What Are My Responsibilities as a Tenant?
Finding a new home is an exciting time in one’s life. Whether it’s your first venture into the rental market or you’ve gone through the process many times over, there’s always an excitement that comes with getting the keys to your new digs. But once you’ve opened the door to your pad, you’ll need to undertake a set of responsibilities as a tenant.
Wondering what they are? We’re here to tell you with this guide to tenant responsibilities.
Understand the Assured Shorthold Tenancy
Also known as an Assured Shorthold Tenancy, the AST is an agreement between the landlord and the tenant that sets out the conditions of living in a rented property. After this period, the landlord can renew the tenancy, let it go on a rolling contract — you carry on paying rent but the landlord can give you two month’s notice to vacate and you can give the landlord one month — or ask you to leave the property.
The AST protects you and the landlord by putting certain rules in place and should be aware of the following information:
- Tenancy start and end date, including a break clause if applicable
- Rent amount and expected payment date
- The address of the rented property
- The name of all involved including landlord and tenants
- The amount of deposit the tenant puts down prior to moving in and the scheme that it is protected by
- Reasons that would allow the deposit to be withheld
- Bills that the tenant is responsible for paying
- How the rent price will be reviewed and when this will happen
Take care of the property
Within the agreement, your duties as a tenant will be clearly outlined in regard to the upkeep of the property during your rental period. Before the tenancy begins, an inventory will be managed by the letting agent to work as a guide for fair wear and tear comparison once the tenancy has ended. Fair wear and tear is expected throughout the property after a long period of time, but damages are not and can result in deductions from your security deposit, so it is important that you take care of the property you are living in.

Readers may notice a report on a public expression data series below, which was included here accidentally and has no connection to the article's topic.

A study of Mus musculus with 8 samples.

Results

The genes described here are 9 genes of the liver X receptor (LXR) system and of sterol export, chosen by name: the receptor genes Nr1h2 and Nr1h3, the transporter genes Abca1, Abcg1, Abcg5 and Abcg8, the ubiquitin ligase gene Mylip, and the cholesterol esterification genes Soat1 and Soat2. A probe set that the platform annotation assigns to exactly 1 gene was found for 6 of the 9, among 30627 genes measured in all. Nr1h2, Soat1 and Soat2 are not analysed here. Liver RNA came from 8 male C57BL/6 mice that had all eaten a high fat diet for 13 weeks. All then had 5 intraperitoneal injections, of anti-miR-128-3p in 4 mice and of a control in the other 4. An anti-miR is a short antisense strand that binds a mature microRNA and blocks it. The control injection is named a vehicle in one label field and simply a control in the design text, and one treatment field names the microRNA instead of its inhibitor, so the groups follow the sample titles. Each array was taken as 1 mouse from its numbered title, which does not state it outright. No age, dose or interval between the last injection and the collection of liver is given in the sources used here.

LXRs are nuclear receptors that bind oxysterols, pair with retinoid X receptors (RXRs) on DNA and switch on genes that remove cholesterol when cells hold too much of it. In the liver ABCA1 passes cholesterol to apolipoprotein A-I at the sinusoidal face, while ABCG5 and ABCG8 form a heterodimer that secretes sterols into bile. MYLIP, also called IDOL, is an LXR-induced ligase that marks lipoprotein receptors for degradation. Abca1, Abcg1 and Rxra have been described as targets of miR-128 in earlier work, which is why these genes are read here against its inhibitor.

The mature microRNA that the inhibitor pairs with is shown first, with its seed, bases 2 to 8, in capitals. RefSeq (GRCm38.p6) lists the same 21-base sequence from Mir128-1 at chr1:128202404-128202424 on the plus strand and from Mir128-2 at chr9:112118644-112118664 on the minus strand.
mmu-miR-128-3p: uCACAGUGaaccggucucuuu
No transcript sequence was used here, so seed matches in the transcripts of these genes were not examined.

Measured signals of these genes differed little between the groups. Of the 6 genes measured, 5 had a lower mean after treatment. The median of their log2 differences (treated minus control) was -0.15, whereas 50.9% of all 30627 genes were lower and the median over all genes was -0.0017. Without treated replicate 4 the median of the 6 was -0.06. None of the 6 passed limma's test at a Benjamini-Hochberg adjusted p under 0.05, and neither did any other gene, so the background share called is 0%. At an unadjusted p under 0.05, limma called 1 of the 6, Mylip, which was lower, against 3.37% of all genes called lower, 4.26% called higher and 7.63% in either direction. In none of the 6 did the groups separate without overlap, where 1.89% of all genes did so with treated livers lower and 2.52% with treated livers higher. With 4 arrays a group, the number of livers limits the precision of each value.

Whilst you are living at the property, you are responsible for maintenance such as taking care of furniture and appliances. The tenant should also take responsibility for testing smoke and carbon monoxide alarms as batteries may need to be changed at some point during the tenancy.
Notify the landlord of any issues
As a tenant it is also your responsibility to notify your landlord of any issues within the property, including damages and repairs. Unless you record damages, these may get worse over time and only be discovered during the next inspection, so it’s vital that you make the landlord aware as soon as possible.
It is responsible for landlords to keep utilities in working order so tenants can effectively heat the property and it functions to a satisfactory level. If there are issues relating to heat, damp and safety, the landlord has an obligation to repair these as soon as possible. If you do not receive a response to the issues within 14 days, you have a right to complain to the council, which would enforce an inspection of the property to evaluate the safety of its residents.
Pay your bills
In the same way that the landlord is required to let the property for the fixed term, you are required to pay for the rental term in full regardless of whether you are staying at the property or not. Alongside the rent to the landlord the tenant will likely need to pay for the following bills during the tenancy period:
The tenant must contact the local council to find out how much this will cost as it varies depending on your property’s valuation, the banding of your property and which local authority it comes under. Some reductions are available for individuals that have a low income, are a student or on benefits so this may be worth looking into.
Gas and electricity bills must be paid by the tenant. There are exceptions where these bills may be in the landlord’s name but this can be clarified in the tenancy contract. Cheaper comparison deals may be found online if you are looking to see if you can find a cheaper option.
Find out which water provider supplies your area and contact them before you move in to find out when payments will be made. Payment can be made annually, quarterly or monthly.
It is a legal responsibility to pay for a TV licence if you intend to watch live tv or record programmes. This includes the use of catch-up services like BBC Iplayer and ITV hub. You can apply for this through the TV licence website.
Contents insurance covers the tenants’ personal items. It’s not mandatory, but you should safeguard any personal items that you leave in the property, whether it’s furniture, jewellery, computers et cetera.
Phone and Broadband
The majority of households now have an internet connection. Unless stated in the tenancy, you will be responsible for arranging an active broadband line and paying for it.
There is plenty to consider when it comes to a tenant’s responsibilities during a tenancy period. It is important for the tenant to know their rights within the AST document so that they are not held liable if any damage occurs during the rental. However, if the tenant has abided by the agreement, they have a responsibility to look after the property they reside in, which includes the payment of bills and rent on time. Follow our tips, and you’ll enjoy an in-life tenancy experience that mirrors the excitement of getting the keys to your own home.